Palestinian-American physician, poet and translator, Fady Joudah, captivated faculty, students and community members April 12 in the JSC Morrison Lounge during a reading of his newest collection of poems. The poems were excerpts from Joudah’s new book, “Footnotes in the Order of Disappearance,” which was published last month. A discussion between the author and audience followed the reading.
Joudah is best known for his critically acclaimed debut novel, “The Earth in the Attic,” and his translation of Mahmoud Darwish’s “The Butterfly’s Burden.” The English Department, under the administration of creative writing professor Zinzi Clemmons, sponsored the event. Clemmons highlighted the importance of bringing Joudah to Occidental.
“Dr. Joudah wrote [an essay] about Islamophobia in literature, and I think that aside from being a brilliant poet, he is one of the most forceful voices out there who’s arguing for change in this area,” Clemmons said.
“Footnotes in the Order of Disappearance” is Joudah’s fourth collection of poetry, written mainly in prose. The readings ranged widely from themes of love and genitals to medical school and a refugee camp massacre.
Joudah explained that the collection focuses on loss and grief, and discussed how these themes are particularly relevant for him as a Palestinian American because he has personal experience with loss and disappearance. As a professional physician, Joudah said that he witnesses morbidity and mortality far too often. He spoke to the intersections of his seemingly distinct professions.
“They intersect through language, since medicine is sort of like its own new language with all of the Greek and Latin, being contemporized into modern usage and also associated with very specific knowledge, set of information,” Joudah said. “And so it becomes a way of speaking and thinking of the world differently, as I think that all literature aims at, and you know medicine has informed my poetry.”
Writing in both Arabic and English, Joudah discussed the concept of untranslatability — an idea in which he does not believe. He said that what individuals define as untranslatable is actually an issue of authorship and origin.
“As for the translation, I think it is also about the idea of or question of origin, culture, authenticity — so translation, sort of, is an interface of these questions, but I think it is actually a function of standing equal and fraternal with other literatures in the world,” Joudah said.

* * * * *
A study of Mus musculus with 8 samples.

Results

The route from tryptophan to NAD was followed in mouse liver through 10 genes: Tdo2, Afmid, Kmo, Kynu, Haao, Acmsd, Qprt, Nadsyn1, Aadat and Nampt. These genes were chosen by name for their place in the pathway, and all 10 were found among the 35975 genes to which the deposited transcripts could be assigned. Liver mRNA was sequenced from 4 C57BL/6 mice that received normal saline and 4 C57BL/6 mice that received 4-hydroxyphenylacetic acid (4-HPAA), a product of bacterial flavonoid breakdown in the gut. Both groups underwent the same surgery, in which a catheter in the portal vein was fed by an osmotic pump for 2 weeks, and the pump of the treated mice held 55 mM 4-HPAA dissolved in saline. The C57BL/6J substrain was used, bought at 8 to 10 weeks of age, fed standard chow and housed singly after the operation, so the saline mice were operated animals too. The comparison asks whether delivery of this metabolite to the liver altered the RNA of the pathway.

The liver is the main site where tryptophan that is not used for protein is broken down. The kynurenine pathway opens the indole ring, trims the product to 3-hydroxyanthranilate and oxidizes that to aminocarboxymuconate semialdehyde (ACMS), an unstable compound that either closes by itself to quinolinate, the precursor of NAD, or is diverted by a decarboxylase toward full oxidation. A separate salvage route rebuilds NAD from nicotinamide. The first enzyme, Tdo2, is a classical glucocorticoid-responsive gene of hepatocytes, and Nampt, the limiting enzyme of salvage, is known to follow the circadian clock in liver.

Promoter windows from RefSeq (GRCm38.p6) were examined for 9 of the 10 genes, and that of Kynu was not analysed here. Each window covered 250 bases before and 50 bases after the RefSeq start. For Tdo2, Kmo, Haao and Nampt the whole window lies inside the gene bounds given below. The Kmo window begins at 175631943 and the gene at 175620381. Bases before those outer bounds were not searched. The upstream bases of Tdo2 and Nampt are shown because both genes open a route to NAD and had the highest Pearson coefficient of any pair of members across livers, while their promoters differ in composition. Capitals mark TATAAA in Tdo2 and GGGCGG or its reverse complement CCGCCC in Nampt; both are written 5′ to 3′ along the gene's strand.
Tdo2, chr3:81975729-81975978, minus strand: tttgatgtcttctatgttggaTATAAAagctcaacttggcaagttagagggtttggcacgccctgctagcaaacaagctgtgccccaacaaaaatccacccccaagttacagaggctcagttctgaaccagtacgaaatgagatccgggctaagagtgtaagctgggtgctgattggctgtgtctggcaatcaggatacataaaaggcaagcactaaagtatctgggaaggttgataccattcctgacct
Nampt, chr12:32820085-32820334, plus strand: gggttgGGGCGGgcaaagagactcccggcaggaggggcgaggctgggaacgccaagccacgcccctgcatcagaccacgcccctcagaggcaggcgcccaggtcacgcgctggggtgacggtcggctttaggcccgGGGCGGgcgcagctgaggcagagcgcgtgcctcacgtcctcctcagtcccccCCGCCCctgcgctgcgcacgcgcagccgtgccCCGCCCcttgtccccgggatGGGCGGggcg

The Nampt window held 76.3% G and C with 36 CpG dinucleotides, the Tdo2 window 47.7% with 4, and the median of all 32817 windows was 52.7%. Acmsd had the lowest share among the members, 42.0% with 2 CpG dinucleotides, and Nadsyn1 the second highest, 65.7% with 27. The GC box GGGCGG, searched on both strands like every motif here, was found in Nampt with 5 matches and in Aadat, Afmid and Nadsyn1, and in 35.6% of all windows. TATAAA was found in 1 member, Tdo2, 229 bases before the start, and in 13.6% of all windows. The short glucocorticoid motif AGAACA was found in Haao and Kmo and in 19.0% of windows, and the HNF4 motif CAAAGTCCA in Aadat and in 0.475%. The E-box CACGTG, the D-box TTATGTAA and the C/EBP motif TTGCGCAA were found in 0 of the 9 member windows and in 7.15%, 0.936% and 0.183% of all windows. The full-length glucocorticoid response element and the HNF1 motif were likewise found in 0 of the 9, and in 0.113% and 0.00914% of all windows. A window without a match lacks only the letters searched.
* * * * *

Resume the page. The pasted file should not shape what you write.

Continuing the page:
Joudah said he is interested in the idea of ownership. He questions the idea of solitary ownership in a section of his collection that includes a poetic dialogue between Joudah and exiled Syrian-Kurdish poet Golan Hajji. Furthering his focus on collaboration between writers, Joudah read a poem he wrote in response to a passage from Toni Morrison’s “Tar Baby.”
Joudah also commented on the complex feelings he has about writing in English, a language he associates with colonization.
“I think it is important to remember that colonialism doesn’t define the entirety of English, and English as a language of literature existed way before colonialism,” Joudah said. “I think that for some people it’s difficult to wake up in the morning and realize … you live in a language that actually kills your parents, for example, kills your own people.”
Clemmons said she appreciated Joudah’s thoughtful responses to student’s questions and his valuable insight, particularly regarding his writing process, which she described as illuminating to aspiring writers in the audience.
“To be a writer, you have to have some sort of internal, compelling force that doesn’t leave you, that constantly drags you into writing and wanting to say something through writing,” Joudah said. “And after that, it’s the curse of having to engage in a history of language, whatever the language is, because it’s really long. Inspiration often comes from moments of delusional narcissism I think.”
Layal Bata (first year) expressed her gratitude for Joudah’s wisdom and the event.
“As a Palestinian American, it’s really difficult to find spaces where my identity is represented,” Bata said. “That’s why it was so exciting to have the opportunity to have someone as important as Fady Joudah on campus.”